Analysis of recent testing of school bus motions has now been completed. A total of six testing sessions were completed along various routes in London, Ontario noted below:
- March 4, 202; GMC 18 Passenger School Bus driven along Wharncliffe Road route.
- March 4, 2021; GMC 18-Passenger School Bus driven along Wellington Road route.
- March 25, 2021; International Full-Size School Bus driven along Southdale Road route.
- March 25, 2021; International Full-Size School Bus driven along Exeter Road route.
- March 26, 2021, International Full-size School Bus driven along Southdale Road route.
- March 26, 2021; International Full-Size School Bus driven along Exeter Road route.
Three previous articles were posted to the Gorski Consulting website discussing the results from the first three sessions:
April 5, 2021: Testing of School Bus Response to Irregular Road Surface Conditions
April 13, 2021: GMC 18-Passenger School Bus Testing on Wellington Road in London
April 15, 2021: Preliminary Comparison of Full Size School Bus Motions To Other Vehicles
Now analysis has been completed on the last three sessions. The present article will summarize the results from all six sessions.
The results from the six sessions are shown in the following tables and charts. For each session a table is presented describing the actions of the bus along each 30-second road segment, the bus speed, and the bus motions in terms of the Longitudinal and Lateral motion. A bar chart of vehicle motions is also presented for each session.
1. March 4, 2021: GMC 18-Passenger Bus on Wharncliffe Road Route
2. March 4, 2021: GMC 18-Passenger School Bus on Wellington Road Route
3. March 25, 2021: International Full-Size School Bus on Southdale Road Route
4. March 25, 2021: International Full-Size School Bus on Exeter Road Route
5. March 26-21: International Full-Size School Bus on Southdale Road Route
6. March 26, 2021: International Full-Size School Bus on Exeter Road Route
Gorski Consulting has been gathering data of road conditions for the past seven years. The sensors of an iPhone have been used to capture a wide variety of parameters. Two parameters were chosen for display 1) Rate of Longitudinal Rotation and 2) Rate of Lateral Rotation of a test vehicle. It was reasoned that the rotation, or motion, of a vehicle is caused by its reaction to the conditions of a road surface. So a greater motion would indicate a rougher surface and therefore a surface which is of worse condition.
A webpage on the Gorski Consulting website called Road Data contains the results of testing from a large number of roads in Southern Ontario. Most of this testing was done using a 2007 Buick Allure passenger car. Although it was found that the methodology was reliable there was always a question whether a test vehicle of a completely different structure might produce very different or even unreliable data. Recently access was gained to school buses and it was decided that the road testing methodology would be used to see what differences might occur in the data.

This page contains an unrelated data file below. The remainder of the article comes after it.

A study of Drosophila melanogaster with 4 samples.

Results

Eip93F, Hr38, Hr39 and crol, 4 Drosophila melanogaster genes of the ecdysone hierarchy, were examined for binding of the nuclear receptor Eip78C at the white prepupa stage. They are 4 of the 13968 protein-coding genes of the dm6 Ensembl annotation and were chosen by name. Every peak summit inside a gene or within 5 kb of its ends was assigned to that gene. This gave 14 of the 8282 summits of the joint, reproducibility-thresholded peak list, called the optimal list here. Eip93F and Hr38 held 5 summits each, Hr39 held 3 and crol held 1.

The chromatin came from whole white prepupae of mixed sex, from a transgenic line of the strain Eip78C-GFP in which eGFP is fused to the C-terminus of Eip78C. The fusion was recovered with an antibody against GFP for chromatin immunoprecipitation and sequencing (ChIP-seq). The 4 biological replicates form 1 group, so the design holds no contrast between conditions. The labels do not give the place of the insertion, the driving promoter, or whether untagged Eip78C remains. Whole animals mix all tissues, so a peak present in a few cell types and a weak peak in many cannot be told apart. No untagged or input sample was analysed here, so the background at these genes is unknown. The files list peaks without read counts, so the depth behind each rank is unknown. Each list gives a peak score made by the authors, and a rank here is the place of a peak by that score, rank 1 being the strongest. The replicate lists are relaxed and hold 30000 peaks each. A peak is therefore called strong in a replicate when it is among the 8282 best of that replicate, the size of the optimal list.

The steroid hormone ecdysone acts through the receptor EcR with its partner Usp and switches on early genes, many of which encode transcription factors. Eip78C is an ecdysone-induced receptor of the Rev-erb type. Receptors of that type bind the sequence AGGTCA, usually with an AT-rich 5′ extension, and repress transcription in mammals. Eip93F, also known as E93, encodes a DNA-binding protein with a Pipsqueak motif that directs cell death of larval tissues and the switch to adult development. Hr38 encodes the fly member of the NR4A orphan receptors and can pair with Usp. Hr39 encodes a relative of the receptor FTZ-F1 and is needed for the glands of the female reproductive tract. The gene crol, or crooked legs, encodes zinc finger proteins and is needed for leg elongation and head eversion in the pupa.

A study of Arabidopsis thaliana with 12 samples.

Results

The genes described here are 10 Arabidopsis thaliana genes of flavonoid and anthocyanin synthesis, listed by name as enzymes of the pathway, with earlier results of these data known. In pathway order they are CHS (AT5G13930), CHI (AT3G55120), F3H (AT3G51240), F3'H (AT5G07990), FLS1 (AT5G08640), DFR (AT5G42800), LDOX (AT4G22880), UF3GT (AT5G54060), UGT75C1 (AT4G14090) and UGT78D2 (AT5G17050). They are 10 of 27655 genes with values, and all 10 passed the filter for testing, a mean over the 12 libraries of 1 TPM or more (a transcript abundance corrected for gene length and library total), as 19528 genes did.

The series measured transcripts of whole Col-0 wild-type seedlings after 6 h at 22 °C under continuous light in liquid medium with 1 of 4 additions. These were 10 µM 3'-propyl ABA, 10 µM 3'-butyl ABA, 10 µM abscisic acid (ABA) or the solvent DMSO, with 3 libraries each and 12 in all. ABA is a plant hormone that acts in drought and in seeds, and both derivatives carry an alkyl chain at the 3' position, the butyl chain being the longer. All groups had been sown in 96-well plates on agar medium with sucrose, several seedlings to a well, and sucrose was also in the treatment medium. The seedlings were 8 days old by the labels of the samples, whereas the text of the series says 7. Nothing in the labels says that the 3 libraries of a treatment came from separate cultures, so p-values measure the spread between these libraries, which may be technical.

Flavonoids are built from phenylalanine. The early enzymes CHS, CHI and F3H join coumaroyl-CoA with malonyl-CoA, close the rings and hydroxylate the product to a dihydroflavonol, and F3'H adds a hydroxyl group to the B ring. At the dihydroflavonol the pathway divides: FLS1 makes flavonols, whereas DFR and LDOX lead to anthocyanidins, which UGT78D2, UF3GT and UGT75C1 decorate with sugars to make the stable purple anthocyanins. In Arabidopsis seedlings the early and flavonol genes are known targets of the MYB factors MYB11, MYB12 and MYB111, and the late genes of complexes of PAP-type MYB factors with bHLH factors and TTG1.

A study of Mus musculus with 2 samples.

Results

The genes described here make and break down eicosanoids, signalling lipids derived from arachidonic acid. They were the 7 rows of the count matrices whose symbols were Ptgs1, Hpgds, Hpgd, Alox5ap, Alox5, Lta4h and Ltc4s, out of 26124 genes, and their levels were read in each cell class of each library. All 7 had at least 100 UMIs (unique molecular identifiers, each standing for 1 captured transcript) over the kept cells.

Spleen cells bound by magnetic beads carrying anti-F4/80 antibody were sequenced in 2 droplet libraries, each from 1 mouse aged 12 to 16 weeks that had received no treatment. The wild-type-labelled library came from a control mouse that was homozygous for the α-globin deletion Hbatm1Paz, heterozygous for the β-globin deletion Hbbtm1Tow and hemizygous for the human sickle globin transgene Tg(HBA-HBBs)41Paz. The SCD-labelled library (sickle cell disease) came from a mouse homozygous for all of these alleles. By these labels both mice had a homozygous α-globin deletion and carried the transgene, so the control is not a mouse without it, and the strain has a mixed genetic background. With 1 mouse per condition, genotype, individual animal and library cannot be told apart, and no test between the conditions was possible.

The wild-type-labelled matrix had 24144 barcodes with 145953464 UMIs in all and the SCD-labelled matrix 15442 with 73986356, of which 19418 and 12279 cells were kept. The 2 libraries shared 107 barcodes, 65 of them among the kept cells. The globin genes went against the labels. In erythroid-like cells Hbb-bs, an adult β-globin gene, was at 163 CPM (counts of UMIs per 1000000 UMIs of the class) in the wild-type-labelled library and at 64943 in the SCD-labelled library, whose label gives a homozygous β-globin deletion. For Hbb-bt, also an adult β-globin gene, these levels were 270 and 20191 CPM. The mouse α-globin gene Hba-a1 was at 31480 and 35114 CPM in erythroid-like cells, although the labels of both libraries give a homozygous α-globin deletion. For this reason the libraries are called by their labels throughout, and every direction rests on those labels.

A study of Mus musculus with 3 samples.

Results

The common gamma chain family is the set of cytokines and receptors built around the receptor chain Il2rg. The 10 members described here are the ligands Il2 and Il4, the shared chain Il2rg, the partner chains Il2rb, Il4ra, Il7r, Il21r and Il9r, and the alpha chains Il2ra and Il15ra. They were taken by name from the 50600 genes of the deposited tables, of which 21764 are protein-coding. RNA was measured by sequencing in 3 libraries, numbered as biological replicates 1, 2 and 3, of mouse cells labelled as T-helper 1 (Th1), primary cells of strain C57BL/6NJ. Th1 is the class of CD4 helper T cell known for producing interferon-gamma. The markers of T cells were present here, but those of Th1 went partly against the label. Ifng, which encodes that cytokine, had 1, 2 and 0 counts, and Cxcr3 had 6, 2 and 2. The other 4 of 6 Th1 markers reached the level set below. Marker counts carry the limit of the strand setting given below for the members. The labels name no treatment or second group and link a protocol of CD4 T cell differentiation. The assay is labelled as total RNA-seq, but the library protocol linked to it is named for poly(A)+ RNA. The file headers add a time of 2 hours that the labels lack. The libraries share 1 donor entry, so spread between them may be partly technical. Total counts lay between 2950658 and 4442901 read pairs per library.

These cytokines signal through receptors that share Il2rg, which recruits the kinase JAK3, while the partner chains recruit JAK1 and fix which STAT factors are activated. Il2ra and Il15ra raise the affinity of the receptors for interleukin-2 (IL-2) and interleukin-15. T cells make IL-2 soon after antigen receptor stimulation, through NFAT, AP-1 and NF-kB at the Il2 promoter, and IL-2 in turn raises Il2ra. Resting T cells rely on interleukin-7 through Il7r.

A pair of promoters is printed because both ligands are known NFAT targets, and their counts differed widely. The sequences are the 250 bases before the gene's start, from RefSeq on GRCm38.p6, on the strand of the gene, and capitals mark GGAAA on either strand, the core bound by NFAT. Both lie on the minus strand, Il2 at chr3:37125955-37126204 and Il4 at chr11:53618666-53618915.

The data presented here demonstrates the reliability of the test methods. It demonstrates that, even vehicles of vastly differing sizes and structures, can be used in documenting the condition of road surfaces.
A vast percentage of the population now has possession of smartphones. On the negative side, the designers of these devices have installed sensors that record intricate details about an owner’s actions and habits. On the positive side, such technology can be used to benefit society when used for ethical purposes such as detecting road safety problems. The gathering of vehicle motion data provides a cheap method of providing the necessary vigilance of road conditions to whoever wishes to use it. It could be used by municipalities as a quick way to spot safety problems and make corrections. However it can also be used by any member of the public.
The cost of the hardware to perform the testing is minimal. A functioning test vehicle is required and most persons already possess a motor vehicle. A smartphone is also available to almost everyone. A video camera is required but nothing is needed that cannot be purchased for under $100 dollars. A computer is required and that is available to almost anyone. Video-editing software is required but that can easily be purchased for about $100 dollars. And that is all. With a little bit of training anyone can gather and analyze the condition of road systems in an objective manner.